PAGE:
Samuel Thomas Russell
Samuel Thomas Russell was born May 28, 1853 in Fairfax County. Va., the son of Albert Newton (1826-1913) and Mary Hatch (1830-1905) Russell. Albert Russell, born in Kirkland. Oneida County, had moved to Virginia at age 21 to establish a business there. He met Mary Hatch, born in Sherburne, N.Y., who had moved south with her family in 1840 and they were married in 1850. Their four children were Harriet (1851-1935), Samuel (1853-1929), Ella M. (1855-1944) and George R (1861-1932).
At the beginning of the Civil War, Albert moved his family north to work for E. Remington & Sons in Ilion. Samuel, now seven, attended public schools in Ilion and then Whitestown Seminary in Oneida County. At age 20, he went to work in his fatherís lumber yard known as Brill and Russell, which began in 1871. When the firm became A.N.. Russell and Son in 1881, Samuel took over as general manager. The business was both a lumber yard and a factory built to manufacture store furniture and equipment and both grew under his administration. The business expanded to Frankfort and brother George became the manager there.
While working with his father, Samuel began branching out. At the time of the failure of E. Remington & Sons, a company called the Remington Arms Company with Trustees Samuel T. Russell, J.L. McMillan & John Giblin representing 26 incorporators, was formed to bid on the armory and manufacturing business. In February 1888 the firm of Hartley and Graham offered to buy E. Remington and Son, worth a million and a half, for $152,000. This sale was not granted by the courts. An Ilion syndicate of 10 men including Samuel bid up the price, so in March, the business was sold to Hartley and Graham for $200,000. Samuel was one of the five men who approached the new Remington Typewriter owners in 1886 to encourage them to stay in Ilion. This last endeavor was a success.
When the Ilion Savings and Loan was organized October 3, 1888 to help residents build new homes, Samuel was named the first President and he would serve in this job until his death. He would later be one of the nine men who organized the Manufacturerís Bank, opening May 4, 1908, and he was president of this bank.
In 1903, A.N. Russell sold the lumber business and only the furniture manufacturing continued under the A.N. Russell & Sons name. Brother George R. became the general manager because Samuel was busy with other companies.
The Tucker File and Cabinet Company of Newark. N.J. opened an Ilion factory in 1901 naming Samuel treasurer of the Company and general manager. Tucker File moved into the part of the four-story Coleman Carriage & Wagon Company building to make office furniture. Coleman, which began in 1875 as a family business making wagons and carriages had sold stock in 1889 to Samuel Russell, Charles Harter, Frederick Coleman and Albert N. Ross. Both the Coleman Carriage & Wagon Company and Tucker File had the same Board of Directors.
The Clarke and Baker Company of New York City were sales agents for Tucker. Sales grew rapidly and in 1907 a merger of Tucker with Clarke and Baker was made with Samuel still general manager. Library Bureau, the company started in Boston (1876) by Melvil Dewey, took control of Clarke and Baker in 1906 but didnít change the name until 1909. The next year Samuel T. Russell became president of Library Bureau, a company with headquarters in Boston and New York with 10 factories in Cambridge (Mass.), New York (N.Y.), Chicago (Ill.), Cold-Spring on Hudson (N.Y.), Ottawa (Canada), London (England), and Ilion, and 32 selling branches in the United States, Canada, Great Britain, France, and Belgium. Samuel retired as president of Library Bureau in 1920, at age 67, but would continue as a director of the company until his death. He was president of the Ilion Lumber Co., incorporated in 1911 and held that title until his death.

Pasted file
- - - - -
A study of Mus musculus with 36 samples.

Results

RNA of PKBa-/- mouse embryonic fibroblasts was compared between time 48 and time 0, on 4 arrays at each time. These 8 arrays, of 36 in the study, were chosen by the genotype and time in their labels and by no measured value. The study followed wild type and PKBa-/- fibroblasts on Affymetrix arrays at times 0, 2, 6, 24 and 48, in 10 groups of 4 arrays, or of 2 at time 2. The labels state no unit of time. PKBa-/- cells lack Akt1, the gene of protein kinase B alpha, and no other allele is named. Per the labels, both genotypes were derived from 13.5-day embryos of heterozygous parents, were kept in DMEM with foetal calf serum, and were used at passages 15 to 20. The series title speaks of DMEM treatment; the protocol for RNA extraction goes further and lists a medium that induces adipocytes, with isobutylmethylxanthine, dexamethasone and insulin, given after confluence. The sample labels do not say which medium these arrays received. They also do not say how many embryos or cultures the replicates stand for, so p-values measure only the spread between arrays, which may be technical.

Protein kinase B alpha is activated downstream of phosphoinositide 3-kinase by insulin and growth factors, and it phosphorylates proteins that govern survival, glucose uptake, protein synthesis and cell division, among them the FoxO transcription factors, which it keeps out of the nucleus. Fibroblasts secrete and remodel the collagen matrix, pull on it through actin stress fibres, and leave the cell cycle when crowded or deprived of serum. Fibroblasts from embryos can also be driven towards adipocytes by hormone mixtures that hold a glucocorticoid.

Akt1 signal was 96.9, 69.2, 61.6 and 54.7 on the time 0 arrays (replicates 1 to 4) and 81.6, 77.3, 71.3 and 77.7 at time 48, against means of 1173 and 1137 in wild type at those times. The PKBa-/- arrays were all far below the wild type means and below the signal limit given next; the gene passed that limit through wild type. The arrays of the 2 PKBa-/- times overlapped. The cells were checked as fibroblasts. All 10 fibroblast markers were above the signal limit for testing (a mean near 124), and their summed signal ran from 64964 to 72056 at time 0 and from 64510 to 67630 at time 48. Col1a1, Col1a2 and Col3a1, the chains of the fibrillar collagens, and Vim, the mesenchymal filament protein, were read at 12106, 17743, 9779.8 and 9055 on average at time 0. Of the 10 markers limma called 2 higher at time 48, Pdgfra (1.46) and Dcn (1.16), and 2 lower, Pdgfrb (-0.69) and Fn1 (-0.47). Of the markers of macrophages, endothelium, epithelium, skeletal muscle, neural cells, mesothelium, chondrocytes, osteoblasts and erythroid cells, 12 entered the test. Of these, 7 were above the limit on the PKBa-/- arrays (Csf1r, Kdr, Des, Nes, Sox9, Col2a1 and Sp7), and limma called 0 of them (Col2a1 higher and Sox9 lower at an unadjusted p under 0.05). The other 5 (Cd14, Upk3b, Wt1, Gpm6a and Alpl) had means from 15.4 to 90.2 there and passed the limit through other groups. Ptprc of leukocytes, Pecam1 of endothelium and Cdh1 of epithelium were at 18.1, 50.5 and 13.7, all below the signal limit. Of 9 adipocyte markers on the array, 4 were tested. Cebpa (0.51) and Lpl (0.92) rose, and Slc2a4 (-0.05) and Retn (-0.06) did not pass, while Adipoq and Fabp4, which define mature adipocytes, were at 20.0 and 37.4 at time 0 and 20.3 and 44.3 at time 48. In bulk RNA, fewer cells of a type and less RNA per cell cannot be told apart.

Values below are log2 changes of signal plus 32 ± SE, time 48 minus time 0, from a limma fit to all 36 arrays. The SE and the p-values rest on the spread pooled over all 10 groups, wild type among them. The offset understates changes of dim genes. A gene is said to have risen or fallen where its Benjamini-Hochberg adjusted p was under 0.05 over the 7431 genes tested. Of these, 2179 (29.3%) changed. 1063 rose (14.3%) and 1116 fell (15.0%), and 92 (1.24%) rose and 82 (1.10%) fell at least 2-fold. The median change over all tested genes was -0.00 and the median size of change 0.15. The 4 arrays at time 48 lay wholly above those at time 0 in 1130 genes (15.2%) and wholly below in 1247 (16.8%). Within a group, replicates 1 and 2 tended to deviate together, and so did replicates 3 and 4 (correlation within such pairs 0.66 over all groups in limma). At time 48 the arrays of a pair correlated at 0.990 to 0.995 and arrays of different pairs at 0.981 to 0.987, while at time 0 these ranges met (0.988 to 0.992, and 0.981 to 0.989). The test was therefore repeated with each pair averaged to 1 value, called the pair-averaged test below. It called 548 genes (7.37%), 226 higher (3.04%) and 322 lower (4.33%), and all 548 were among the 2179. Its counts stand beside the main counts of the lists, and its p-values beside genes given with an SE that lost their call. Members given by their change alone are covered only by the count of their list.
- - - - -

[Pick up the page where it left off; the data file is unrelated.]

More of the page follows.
In 1875, Samuel married Sophia Eleanor Jones (1853-1924) who was born in Penn Yan and came to Ilion in 1872 to make her home with her brother Joseph Jones, editor of the Ilion Citizen, a weekly newspaper. Sophia and Samuel had four children, Rae Mary (1876- ), Albert Brill (1878-1940). Helen Augusta (1892- ), and Joseph Jones (1893- ). These children all had excellent educations, becoming a teacher, businessman, librarian and a minister, respectively.
Samuel Russell also took his civic responsibility seriously. He was a trustee of the Village of Ilion. He served as Supervisor of the town of German Flatts, which meant he was on the County Board of Supervisors in 1885. He was a trustee and president of the First Methodist Church. He was the President of the State Lumber Dealerís Association as well as Secretary-Treasurer of this state-wide group in the 1890s. He was active in the Masonic organization, and a member of the Ilion B.P.O.E. In 1891, when Clarence Seamans challenged the Ilion Academy Alumni Association to raise $5,000 toward books for the new library that Seamans agreed to build, Samuel was one of the five men who put the fundraising job over the top by $1,000.
He was a director of the Ilion Board of Trade and later the Ilion Chamber of Commerce and a member of the Exchange Club of Ilion.
Samuel's work and interest in the Boy Scout program is recorded in the accompanying article. His gift in 1917 of property on White Lake to the Boy Scouts was supplemented in 1923 with a gift of 160 acres of woodland to the Village of Ilion for the Albert N. Russell Park, which is an important part of Ilion in 1993. Samuel served on the first Ilion Park Board.
Samuel Thomas Russell died at 4:17 am. May 25, 1929, of blood poisoning which it was suspected he picked up on a recent California trip. The Methodist Church he served so long could not accommodate all the people who wanted to pay him honor. The fourteen honorary bearers and six active bearers were the leaders of the community that Samuel Russell helped to create and shape for the future.